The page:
Riverfly Survey Results 2017

The Whitewater Valley Preservation Society (WVPS) has been engaged by South East Water as a consultee in the production of the last two 5-year Water Resource Management Plans.  The Society has actively been involved with the Environment Agency and Natural England in the implementation of the Water Framework Directive and the production of the Loddon Catchment Management Plans.  We also campaigned for the river during Catchment Abstraction Management Strategy reviews and subsequent Restoring Sustainable Abstraction programmes, which finally resulted in a decision by Natural England that South East Water could no longer assume long term abstraction from the Greywell source.

The River Whitewater may look clean and beautiful but appearances can be deceptive.  Clear does not necessarily mean healthy.

WVPS, in conjunction with Salmon & Trout Conservation UK, selected 5 locations suitable for their Riverfly survey, from the source at Greywell to the confluence with the Blackwater at Riseley.

The detailed results were analysed at a laboratory and a series of charts produced, using data collected from other chalk streams to suggest conclusions which could be drawn from those comparisons.

Invertebrate scores in the Whitewater are all low for a river of this type:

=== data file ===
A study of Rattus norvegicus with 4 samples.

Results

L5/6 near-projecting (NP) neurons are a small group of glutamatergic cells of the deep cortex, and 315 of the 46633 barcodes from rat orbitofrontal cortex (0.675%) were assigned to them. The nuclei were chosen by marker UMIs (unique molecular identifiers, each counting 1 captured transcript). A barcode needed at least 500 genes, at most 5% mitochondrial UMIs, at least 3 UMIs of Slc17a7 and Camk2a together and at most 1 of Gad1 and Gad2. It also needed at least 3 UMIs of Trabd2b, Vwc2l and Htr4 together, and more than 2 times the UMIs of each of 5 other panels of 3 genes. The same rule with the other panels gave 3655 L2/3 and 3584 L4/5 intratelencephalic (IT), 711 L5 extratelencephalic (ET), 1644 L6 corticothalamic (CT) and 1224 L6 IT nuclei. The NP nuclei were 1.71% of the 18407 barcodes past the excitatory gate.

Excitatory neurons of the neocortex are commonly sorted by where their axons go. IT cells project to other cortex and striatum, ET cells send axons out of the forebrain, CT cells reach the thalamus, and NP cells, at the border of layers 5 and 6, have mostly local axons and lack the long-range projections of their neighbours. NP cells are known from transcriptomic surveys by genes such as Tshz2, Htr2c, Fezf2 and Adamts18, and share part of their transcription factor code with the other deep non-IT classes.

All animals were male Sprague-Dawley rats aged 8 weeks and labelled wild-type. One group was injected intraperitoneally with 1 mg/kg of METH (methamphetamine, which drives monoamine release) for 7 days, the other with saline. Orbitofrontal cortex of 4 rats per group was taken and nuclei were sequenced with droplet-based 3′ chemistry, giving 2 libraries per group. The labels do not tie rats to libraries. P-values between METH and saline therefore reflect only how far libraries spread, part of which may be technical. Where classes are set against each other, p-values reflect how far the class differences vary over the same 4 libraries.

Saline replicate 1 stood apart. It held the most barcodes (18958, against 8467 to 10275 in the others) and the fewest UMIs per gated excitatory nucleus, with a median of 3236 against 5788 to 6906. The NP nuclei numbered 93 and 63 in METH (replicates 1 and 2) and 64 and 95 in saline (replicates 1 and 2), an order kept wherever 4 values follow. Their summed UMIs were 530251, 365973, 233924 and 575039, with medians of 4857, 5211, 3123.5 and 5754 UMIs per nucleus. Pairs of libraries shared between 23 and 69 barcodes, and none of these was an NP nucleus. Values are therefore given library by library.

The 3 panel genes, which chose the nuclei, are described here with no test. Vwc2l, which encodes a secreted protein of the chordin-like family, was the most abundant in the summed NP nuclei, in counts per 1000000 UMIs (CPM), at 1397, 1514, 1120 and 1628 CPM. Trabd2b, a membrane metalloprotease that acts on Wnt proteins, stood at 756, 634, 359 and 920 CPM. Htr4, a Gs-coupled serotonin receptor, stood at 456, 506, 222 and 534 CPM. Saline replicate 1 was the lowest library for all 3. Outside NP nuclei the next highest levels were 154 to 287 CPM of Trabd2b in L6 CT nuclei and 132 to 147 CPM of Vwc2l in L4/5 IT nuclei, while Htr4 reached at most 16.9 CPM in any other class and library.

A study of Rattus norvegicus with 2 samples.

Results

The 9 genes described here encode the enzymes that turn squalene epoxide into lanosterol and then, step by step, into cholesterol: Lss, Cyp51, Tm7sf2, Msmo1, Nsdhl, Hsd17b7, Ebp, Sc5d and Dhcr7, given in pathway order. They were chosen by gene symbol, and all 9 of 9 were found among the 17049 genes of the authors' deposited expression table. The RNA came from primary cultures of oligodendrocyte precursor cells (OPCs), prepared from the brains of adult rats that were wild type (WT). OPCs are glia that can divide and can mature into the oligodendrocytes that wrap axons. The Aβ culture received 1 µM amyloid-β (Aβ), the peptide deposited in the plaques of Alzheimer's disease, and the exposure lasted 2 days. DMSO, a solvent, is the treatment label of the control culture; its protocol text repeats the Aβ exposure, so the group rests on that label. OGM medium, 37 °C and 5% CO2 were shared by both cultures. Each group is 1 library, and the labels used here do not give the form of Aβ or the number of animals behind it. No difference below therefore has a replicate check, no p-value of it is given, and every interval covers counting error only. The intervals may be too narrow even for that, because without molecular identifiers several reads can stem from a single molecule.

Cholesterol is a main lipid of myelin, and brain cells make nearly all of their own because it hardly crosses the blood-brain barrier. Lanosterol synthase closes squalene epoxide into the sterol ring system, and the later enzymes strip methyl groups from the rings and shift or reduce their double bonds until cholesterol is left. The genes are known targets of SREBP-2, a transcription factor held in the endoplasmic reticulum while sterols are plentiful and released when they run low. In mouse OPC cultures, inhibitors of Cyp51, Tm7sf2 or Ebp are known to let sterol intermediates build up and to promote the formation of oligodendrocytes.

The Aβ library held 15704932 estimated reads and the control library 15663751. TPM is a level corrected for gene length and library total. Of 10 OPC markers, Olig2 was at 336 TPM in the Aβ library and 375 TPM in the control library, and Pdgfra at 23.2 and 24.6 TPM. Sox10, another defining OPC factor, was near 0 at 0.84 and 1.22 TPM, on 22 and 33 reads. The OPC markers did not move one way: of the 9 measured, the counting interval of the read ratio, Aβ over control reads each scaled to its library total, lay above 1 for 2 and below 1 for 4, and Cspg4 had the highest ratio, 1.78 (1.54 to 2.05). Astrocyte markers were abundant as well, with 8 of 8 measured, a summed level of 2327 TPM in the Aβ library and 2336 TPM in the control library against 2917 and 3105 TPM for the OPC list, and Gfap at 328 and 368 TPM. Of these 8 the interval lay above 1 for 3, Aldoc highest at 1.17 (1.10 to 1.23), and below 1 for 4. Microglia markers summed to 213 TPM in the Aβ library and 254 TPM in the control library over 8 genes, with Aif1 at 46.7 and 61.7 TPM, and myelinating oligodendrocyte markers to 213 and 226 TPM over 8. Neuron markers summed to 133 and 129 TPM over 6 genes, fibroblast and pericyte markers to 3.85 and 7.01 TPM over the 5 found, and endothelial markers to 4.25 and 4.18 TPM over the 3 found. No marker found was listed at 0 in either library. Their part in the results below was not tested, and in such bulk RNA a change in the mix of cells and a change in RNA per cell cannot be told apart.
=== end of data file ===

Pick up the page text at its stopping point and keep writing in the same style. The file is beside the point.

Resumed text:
• EPT scores – Ephemeroptera (up-winged flies), Plecoptera (stoneflies) and Trichoptera (caddisflies) – should be around 20, but the highest is 13, and one location scores only 6.
  • Annual Mayfly species should score 10 but the actual scores were 7, 5, 3, 2 and 1.

Biometric measures use the different sensitivities of aquatic insects to subtle, but lethal, impacts from: sediment, phosphate, organic enrichment and river flow. Species level analysis provides a measure of the impact of these pollutants at each site:

  • Results show that most sites exhibit sediment pressure in Spring and Autumn.
  • Phosphate issues are more pronounced in the Autumn and are at or above the line of concern at two sites (Deptford Lane Bridge and Holdshott Farm).
  • Organic Enrichment from slurry and possibly untreated effluent is visible at all sites.
  • Autumn results reflect the impact of lower flows concentrating the sediment and phosphate load, although the Spring results are not much better.

The full WVPS 2017 Riverfly Survey final report includes a map showing sampling sites, and Appendix showing in more detail the 10 measures of ecological status used to analyse each sample.